For example, if at 5:30 p.m. every weekday when it's raining and you're alone in the car leaving work you tend to set the climate system a certain way and drive a particular route to the gym, it will set the systems accordingly. It may just have a 94% probability of hitting your actual preferences right on the money, saving you the time to enter the preferred settings.
In the broader context, however, it was BMW that stole the CES attention this year. Why? No, I'm not talking about the company's impressive self-driving race car demonstration. Good or bad, self-driving cars remain several years out and don't determine purchase decisions in 2014.
Rather, it was BMW's fleet of well over 50 i3 cars available for anyone to drive that proved to be the 2014 CES highlight. Why is this?
The BMW i3 is without a doubt the single most innovative and differentiated car that is hitting the market this year. Only the Tesla (TSLA) and the two GM cars -- Chevrolet Volt and Cadillac ELR -- can match or exceed it in overall capability, such as total range.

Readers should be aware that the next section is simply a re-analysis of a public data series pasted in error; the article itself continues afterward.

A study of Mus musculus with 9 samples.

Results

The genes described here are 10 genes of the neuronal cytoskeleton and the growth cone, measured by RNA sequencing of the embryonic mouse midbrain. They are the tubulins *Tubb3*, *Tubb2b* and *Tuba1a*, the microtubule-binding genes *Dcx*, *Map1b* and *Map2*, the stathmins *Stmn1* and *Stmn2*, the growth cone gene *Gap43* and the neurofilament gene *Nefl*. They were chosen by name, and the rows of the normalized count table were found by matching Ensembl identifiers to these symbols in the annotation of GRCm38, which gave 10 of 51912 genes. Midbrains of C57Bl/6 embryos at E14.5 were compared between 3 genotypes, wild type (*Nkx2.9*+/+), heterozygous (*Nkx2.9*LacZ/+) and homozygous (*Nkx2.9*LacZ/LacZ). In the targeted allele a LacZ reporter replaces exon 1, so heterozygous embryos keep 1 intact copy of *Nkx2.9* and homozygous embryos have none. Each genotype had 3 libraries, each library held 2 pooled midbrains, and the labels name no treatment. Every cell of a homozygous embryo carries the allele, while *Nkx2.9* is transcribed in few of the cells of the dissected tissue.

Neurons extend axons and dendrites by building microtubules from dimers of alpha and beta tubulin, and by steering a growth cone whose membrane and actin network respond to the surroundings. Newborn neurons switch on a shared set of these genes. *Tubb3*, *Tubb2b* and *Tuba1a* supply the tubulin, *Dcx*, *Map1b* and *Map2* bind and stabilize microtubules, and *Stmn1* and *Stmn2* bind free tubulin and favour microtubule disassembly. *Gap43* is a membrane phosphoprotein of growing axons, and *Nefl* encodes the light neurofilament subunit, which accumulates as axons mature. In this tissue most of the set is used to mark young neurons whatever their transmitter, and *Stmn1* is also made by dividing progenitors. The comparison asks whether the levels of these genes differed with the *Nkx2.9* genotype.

The BMW i3 is different than all other cars for some visible reasons: It has an overall geometry that does not resemble any other car in the market. It's short, slightly on the narrow side, somewhat tall, has huge 20-inch wheels that are almost as narrow as motorcycle tires, coach ("suicide") doors and a radically new kind of open interior where you can move from side to side with ease.
Under the skin, the BMW i3 has an unique composition in the form of carbon fiber and plastic body panels, resulting in a weight that starts close to 2,000 lbs lower than a Tesla Model S, just as an example. Aside from Tesla and GM's two range-extended electric cars, the BMW i3 stands alone as the most radical car in the market for 2014 -- and you can see it from the first glance.
As a result, when a normal person -- who isn't already familiar with the i3 and its engineering -- sees the i3 for the first time, it's one of suspicion. The BMW i3 doesn't look like any other car, and certainly not like a BMW.
So how does BMW overcome this potential hurdle of radical unfamiliarity? It has decided to do it in the only way that's certain to work: get people to drive the car -- as many people as possible, and as many influential people as possible. That meant CES.